From Cold War to warm insulation: how an RAF base is being turned into a new village
The recent government housing white paper detailed a range of plans the government has come up with for increasing the number of new homes being built, all of which is good news for various parts of the construction sector.
Indeed, those fitting cavity wall insulation, waterproofing cellars or showers and installing wetrooms could all be kept very busy if the construction sector and government can succeed in the quest of building 250,000 new homes a year, which is now the annual target in order to make up previous shortfalls in the previous bid to reach 200,000.
While ministers aim to get a million homes built during the parliament and insulation firms prepare to fill in the wall cavities, finding the space is not always easy. The greenbelt is not to be touched except in "exceptional" circumstances, communities secretary Sajid Javid said when he launched the white paper. While brownfield sites may abound in some cities where post-industrial land is not hard to find, the task is harder out in the lush English countryside.
However, one good source of brownfield in rural areas, particularly in the eastern half of England, is former airfields. The Ministry of Defence (MOD) is in the process of divesting much of its estate and many of these are ideally situated, offering a large space to build on close to important towns and cities.
A prime case in point is the RAF Waterbeach Barracks, which is located at the northern edge of Cambridge. Developer Urban and Civic has put in a planning application to build a new town of 6,500 homes, which will have two link roads to the A10. The plan is to construct the new town with a park-and-ride system to avoid traffic congestion heading into the heart of a city whose streets were never designed for cars. The development is also adjacent to the existing Waterbeach village, which has its own rail station running into the city.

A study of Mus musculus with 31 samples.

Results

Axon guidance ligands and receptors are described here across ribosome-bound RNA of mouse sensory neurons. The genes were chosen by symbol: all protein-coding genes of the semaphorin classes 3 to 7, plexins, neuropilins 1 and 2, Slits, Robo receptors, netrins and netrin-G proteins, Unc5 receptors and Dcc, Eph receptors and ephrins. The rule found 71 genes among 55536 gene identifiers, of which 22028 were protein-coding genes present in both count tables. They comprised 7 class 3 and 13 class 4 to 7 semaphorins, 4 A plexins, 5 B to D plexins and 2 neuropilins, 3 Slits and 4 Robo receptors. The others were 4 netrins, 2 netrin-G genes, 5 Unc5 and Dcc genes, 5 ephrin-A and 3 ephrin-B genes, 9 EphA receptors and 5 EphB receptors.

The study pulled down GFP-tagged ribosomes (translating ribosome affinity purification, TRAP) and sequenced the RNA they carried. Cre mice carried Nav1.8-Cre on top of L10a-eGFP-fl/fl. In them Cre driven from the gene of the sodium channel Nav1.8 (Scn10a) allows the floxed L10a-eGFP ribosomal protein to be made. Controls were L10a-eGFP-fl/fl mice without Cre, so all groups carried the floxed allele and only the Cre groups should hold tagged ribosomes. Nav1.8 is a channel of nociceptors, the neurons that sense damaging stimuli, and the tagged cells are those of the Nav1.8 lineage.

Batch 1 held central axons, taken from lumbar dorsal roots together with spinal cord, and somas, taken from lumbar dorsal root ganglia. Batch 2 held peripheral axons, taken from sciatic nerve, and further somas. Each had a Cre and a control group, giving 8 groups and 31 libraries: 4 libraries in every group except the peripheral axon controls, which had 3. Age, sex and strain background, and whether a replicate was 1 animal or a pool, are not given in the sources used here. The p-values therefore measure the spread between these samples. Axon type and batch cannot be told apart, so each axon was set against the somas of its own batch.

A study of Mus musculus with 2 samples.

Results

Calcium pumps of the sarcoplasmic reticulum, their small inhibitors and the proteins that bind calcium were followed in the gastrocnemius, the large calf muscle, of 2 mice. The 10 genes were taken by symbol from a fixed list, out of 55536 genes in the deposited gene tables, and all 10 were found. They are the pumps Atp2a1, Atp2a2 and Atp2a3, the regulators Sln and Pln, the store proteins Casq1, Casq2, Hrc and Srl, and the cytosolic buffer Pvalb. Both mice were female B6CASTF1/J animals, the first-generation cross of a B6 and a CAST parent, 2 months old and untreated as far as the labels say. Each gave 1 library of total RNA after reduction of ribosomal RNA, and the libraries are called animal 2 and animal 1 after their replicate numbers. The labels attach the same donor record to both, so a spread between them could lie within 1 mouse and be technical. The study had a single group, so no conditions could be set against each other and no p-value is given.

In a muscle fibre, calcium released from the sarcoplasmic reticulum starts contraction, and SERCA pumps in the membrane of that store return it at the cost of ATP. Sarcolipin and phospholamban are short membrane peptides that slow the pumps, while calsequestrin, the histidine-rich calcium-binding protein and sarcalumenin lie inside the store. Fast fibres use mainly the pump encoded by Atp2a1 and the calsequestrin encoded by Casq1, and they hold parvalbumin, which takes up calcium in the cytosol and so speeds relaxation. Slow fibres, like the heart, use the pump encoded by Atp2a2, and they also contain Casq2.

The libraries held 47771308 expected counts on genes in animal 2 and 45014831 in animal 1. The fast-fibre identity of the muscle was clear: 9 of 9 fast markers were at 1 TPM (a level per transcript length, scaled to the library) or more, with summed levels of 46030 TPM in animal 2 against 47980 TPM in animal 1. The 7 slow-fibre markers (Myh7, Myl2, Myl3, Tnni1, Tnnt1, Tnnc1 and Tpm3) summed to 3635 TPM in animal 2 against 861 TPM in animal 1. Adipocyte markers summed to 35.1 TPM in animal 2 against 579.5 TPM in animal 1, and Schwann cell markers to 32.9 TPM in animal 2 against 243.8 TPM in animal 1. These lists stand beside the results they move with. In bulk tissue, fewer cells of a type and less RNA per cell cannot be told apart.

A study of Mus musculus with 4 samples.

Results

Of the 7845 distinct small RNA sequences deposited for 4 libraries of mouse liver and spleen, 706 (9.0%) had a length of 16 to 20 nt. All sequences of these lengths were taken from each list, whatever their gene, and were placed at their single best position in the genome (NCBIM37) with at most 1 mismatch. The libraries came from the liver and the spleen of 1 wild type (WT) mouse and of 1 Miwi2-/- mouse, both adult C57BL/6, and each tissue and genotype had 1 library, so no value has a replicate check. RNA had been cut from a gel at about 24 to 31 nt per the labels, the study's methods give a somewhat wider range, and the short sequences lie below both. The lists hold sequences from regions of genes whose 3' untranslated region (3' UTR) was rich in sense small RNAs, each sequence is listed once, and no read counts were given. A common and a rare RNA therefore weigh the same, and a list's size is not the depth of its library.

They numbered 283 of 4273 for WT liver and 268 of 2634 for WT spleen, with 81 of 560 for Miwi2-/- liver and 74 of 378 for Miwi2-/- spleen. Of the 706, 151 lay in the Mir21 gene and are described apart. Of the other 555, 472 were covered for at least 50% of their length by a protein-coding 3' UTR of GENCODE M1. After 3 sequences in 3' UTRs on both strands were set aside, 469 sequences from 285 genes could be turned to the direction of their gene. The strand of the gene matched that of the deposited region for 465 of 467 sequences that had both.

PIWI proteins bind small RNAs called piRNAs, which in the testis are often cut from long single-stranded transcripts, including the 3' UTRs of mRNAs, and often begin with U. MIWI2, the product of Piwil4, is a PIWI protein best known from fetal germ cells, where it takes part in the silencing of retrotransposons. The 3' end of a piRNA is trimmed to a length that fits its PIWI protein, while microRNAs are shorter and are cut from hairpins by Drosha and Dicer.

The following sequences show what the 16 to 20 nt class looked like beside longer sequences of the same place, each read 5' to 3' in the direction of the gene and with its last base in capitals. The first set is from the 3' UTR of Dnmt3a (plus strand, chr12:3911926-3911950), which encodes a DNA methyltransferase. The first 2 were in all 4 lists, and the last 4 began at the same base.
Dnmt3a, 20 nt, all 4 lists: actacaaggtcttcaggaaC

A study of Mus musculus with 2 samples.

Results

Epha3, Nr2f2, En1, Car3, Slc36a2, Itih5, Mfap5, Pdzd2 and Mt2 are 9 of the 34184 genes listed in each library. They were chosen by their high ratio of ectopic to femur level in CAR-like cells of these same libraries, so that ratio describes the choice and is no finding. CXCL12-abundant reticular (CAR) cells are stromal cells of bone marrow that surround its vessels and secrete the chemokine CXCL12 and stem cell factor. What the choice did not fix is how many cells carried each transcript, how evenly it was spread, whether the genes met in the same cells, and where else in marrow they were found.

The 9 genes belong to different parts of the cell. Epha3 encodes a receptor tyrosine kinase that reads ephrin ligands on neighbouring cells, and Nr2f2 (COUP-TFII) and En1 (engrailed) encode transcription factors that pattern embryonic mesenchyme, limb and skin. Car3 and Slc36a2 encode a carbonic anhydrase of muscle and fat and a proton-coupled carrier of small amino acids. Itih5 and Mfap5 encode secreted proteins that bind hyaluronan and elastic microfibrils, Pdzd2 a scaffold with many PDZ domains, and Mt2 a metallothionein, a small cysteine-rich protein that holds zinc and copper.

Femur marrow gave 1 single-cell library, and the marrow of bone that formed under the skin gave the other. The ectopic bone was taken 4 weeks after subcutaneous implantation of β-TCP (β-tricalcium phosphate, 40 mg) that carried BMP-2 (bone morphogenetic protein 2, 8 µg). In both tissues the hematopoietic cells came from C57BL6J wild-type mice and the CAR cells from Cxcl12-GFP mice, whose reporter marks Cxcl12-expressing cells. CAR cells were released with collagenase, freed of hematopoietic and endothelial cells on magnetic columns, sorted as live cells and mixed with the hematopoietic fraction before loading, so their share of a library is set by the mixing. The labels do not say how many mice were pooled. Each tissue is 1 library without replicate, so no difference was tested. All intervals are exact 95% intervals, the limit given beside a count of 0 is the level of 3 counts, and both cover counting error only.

Thus a location that was once a station for fighter jet squadrons ready to scramble if the Cold War turned hot is now to help meet the challenge of 21st century housing needs. The new homes will also include 600 care home units, as well as three primary schools, 16,500 sq m of shops, health care centres, multi-purpose community centres, places of worship, nurseries and a museum. There will also be work carried out to provide enhanced drainage in this part of the fenland to help keep the ground dry.
Commenting on the project, Urban and Civic chief executive Nigel Hugill said: "Outside London, Waterbeach is the best brownfield site in the country.
"Furthermore, Waterbeach precisely represents the cross-government department approach envisaged in the Housing White Paper.
"To that extent, it can be seen as a bellwether for the more rapid delivery of quality and scale."
The ongoing divestment of the MOD's estate will help create several more developments of this kind across the country, with many being just as conveniently situated as Waterbeach.
On the most recent announcement, made last September, under-secretary of state for defence Mark Lancaster detailed 13 more sites that were to be sold on for housebuilding. These included two more sites in the east of England - RAF Henlow in Bedfordshire and MIddlewick Ranges in Essex, while the majority of the other sites were in the south of England. These included Chalgrove Airfield near Oxford, which has been transferred to the Homes and Communities Agency, Amport House in Andover, Colerne Airfield and Azimghur Barracks at Chippenham, Southwick Park in Fareham and Royal Marines Stonehouse in Plymouth. There were also sites in the Midlands at Grantham, Melton Mowbray, Telford and Donnington, and at Catterick in North Yorkshire.
Mr Lancaster noted these will provide land for 17,000 new homes, of which 12,500 will be built by 2020.